Also known as gemsbok, South African oryx are a visually striking, large African antelope with distinct markings and long, straight horns grown by both sexes. Males typically have horns that are heavier and have larger bases, while the females typically have longer, thinner horns with smaller bases. Approximately 46 inches at the shoulder and six feet in length, oryx males can weigh 300-500 pounds, while females are 50-100 pounds lighter. The thick, tan-colored hide covering the oryx is marked on the face with symmetrical black-and-white, triangular patches and broad stripes from the horns over the eyes to a white muzzle. Black stripes continue down the neck and around the underbody, forming bands around all four legs. A black stripe, also known as the “racing stripe,” extends along the spine from the short black mane at the neck to the black, tasseled tail.
Frank C. Hibben, an avid big-game hunter and chairman of the New Mexico State Game Commission from 1961-71, helped initiate the introduction of oryx into New Mexico. He had hunted oryx in the 1940s in Africa and noted the similarities between the deserts of Africa and those in southern New Mexico. The New Mexico Department of Game and Fish, along with the U.S. Department of Defense and White Sands Missile Range (WSMR), released 95 captive-bred oryx onto WSMR on the Tularosa Range between 1969-77. The first oryx hunt took place in New Mexico in 1974 with four hunters. The annual harvest has increased to more than 1,500 oryx in recent years.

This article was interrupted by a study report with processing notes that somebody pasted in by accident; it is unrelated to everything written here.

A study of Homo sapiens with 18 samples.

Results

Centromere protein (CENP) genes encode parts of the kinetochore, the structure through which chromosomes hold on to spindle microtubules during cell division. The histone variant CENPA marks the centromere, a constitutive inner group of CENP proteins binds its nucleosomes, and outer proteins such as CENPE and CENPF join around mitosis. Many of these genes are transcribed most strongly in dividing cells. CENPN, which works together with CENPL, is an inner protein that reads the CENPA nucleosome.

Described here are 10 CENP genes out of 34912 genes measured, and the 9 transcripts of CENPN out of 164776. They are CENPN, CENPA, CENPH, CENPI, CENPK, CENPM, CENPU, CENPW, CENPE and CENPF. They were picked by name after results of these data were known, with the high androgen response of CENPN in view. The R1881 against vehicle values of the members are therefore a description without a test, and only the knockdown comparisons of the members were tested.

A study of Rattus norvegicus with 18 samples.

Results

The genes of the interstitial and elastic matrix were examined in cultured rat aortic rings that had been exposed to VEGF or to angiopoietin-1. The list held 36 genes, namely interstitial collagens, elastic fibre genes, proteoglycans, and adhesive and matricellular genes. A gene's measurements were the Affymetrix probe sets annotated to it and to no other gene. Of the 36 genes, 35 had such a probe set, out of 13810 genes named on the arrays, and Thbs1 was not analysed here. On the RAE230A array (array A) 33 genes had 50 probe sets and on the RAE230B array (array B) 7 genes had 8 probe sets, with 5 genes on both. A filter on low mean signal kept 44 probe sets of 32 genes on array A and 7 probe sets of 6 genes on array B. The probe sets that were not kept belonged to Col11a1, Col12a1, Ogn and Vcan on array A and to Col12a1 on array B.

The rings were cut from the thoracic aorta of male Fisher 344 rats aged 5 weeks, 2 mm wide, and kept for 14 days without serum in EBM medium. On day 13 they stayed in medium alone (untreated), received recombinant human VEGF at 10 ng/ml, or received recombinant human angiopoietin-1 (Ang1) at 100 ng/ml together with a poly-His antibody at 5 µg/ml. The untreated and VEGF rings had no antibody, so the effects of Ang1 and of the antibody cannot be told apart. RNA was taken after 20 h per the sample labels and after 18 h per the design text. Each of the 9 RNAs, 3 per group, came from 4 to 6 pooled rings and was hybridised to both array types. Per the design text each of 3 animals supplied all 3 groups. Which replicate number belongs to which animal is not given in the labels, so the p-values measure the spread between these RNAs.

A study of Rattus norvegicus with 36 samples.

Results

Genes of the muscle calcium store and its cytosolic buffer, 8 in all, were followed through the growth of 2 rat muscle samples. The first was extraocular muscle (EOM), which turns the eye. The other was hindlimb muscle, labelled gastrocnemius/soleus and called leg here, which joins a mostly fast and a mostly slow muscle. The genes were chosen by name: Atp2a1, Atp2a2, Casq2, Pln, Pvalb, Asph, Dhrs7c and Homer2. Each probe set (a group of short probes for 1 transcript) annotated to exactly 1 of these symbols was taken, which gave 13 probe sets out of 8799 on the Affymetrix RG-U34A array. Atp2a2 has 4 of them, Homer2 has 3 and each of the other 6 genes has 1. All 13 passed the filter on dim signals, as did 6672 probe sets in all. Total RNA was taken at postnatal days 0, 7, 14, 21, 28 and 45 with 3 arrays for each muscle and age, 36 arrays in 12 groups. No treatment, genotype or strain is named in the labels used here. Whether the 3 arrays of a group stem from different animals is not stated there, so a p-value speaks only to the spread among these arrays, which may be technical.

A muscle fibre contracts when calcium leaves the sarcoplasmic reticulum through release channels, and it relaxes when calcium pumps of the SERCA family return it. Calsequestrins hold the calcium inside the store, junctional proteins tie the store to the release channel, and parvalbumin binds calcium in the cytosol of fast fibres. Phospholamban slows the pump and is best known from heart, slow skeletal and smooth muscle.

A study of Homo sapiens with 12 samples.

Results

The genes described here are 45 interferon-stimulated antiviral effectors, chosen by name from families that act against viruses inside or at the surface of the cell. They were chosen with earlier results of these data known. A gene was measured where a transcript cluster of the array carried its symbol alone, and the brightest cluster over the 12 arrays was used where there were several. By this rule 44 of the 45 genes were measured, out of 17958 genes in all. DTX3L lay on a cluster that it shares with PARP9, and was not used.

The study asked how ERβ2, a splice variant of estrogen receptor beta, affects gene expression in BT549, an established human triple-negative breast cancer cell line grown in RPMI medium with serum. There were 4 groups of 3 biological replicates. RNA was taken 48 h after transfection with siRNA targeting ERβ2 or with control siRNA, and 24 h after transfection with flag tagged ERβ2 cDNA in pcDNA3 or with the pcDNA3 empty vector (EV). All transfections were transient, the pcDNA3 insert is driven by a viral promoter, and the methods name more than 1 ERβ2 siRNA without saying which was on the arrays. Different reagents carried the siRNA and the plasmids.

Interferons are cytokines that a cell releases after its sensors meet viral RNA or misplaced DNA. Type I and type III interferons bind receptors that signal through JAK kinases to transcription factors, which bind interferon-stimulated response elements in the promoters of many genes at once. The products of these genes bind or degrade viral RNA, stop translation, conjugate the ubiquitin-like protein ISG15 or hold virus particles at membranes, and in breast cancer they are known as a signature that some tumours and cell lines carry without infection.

Environmental conditions are great for the 2023-2024 hunting season following a record monsoon season and oryx are in excellent body condition. Oryx have the ability to breed year-round; therefore, hunters may see an increase in recruitment over the next year or two. Hunting should be very good both on and off range. During the 2022 rule development period, off-range, public draw licenses were increased due to the high success rates and other data indicating an increased oryx population.
Approximately 80-90% of hunters who draw a once-in-a-lifetime hunt on WSMR are successful. Hunts off of WSMR, which are month-long hunts on Bureau of Land Management, U.S. Forest Service and State Trust lands, as well as on private property (with permission), have a success rate between 50-60%. Private-land only licenses can be purchased over-the-counter and are valid only on private, deeded land. These month-long hunts have success rates between 70-80%.
Other options include broken-horn oryx hunts, which are not once in a lifetime; once-in-a-lifetime hunts for resident veterans; once-in-a-youth hunts, after which successful applicants remain eligible for once-in-a-lifetime hunts as adults; and once-in-a-lifetime hunts for those with mobility impairments.